I woke up today morning and my wife popped a question - which restaurant are we going for our Onam Sadhya lunch today? What? Do we even know what Onam is and is there a reason for us to have Onam Sadhya?
Rewind to a year ago: A new Kerala restaurant had opened right next to my office and last year on Onam, I had taken my wife there for lunch (she just happened to come to office that day and we decided to try this new place out, which had a big banner outside "Special Onam Sadhya Lunch (Pure Vegetarian) - Just Rs.249". We obviously liked the food. Now it looks like I had unwittingly set a precedent and a practice - we will go out for a Onam Sadhya lunch every year on Onam.
Over the last few years, I have seen a remarkable increase in the number of restaurants offering "Onam Sadhya" - essentially a special lunch to celebrate Onam, Kerala's biggest festival. I overhead a couple of folks at a Coffee Day yesterday planning where to go for the Onam Sadhya team lunch and discussing the pros and cons of the several options available. Zomato, Burrp, Mastmenu etc. all feature Onam Sadhya prominently on their home pages. Newspapers are loaded with Restaurant flyers offering a special "Onam Sadhya" lunch - not just on Onam day, but during the entire week "The Onam Week".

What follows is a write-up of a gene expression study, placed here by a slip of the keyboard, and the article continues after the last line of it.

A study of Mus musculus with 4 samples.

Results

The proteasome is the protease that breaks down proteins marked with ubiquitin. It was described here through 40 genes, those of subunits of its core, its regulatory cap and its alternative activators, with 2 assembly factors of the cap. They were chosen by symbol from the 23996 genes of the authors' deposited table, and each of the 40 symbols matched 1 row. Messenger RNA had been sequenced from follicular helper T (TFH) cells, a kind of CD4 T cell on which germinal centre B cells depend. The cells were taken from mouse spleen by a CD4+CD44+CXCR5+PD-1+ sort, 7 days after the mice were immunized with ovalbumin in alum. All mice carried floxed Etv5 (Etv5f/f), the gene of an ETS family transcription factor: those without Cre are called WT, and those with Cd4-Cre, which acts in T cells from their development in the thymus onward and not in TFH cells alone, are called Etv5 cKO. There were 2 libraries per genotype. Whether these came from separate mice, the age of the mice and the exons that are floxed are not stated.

A few years ago, the Onam lunch was a small affair among Keralites in the cities. Cooking the large variety was a tough task - so the homely Kerala restaurants started offering a special take-away Onam lunch pack. As the crowd increased, they intorduced a special Onam lunch at their restaurants. Today, the Onam lunch is a big revenue generator for all Kerala restaurants (infact a lot of south Indian restaurants, multi-cusine restaurants and the 5 star hotel restaurants have also jumped on the bandwagon). You now have Onam Sadhya buffets too for those who want the food, but also the luxury and the convenience.
With restaurants looking at ways to increase sales and drive additional footfalls all the time, the "Onam Sadhya" phenomenon could be used as an example to leverage religious/regional festivals to drive footfalls - A Diwali lunch, A Holi dinner with Bhaang Thandai (the non-narcotic variety), A special Christmas spread, a Krishna Jayanthi lunch targeted at kids, maybe even a Valentine's Day Lover's Candle Light dinner etc. I expect restaurant businesses to up the ante in leveraging religious/regional festivals and other occasions to try and increase footfalls and offer customers another reason to dine with them.
PS 1: For those interested in learning more about Onam Sadhya, you can check the following link out: http://blog.sigsiv.com/2011/09/onam-sadya-sadhya.html
PS 2: Onam is the harvest festival of Kerala, similar to Pongal in Tamil Nadu, Lohri in North India, Sankranti in Bihar and lot of other places, Bhogali Bihu in Assam etc. The way Restaurants have managed to carve out a nice business model out of this regional festival is interesting - Lessons for others to pick up, I guess.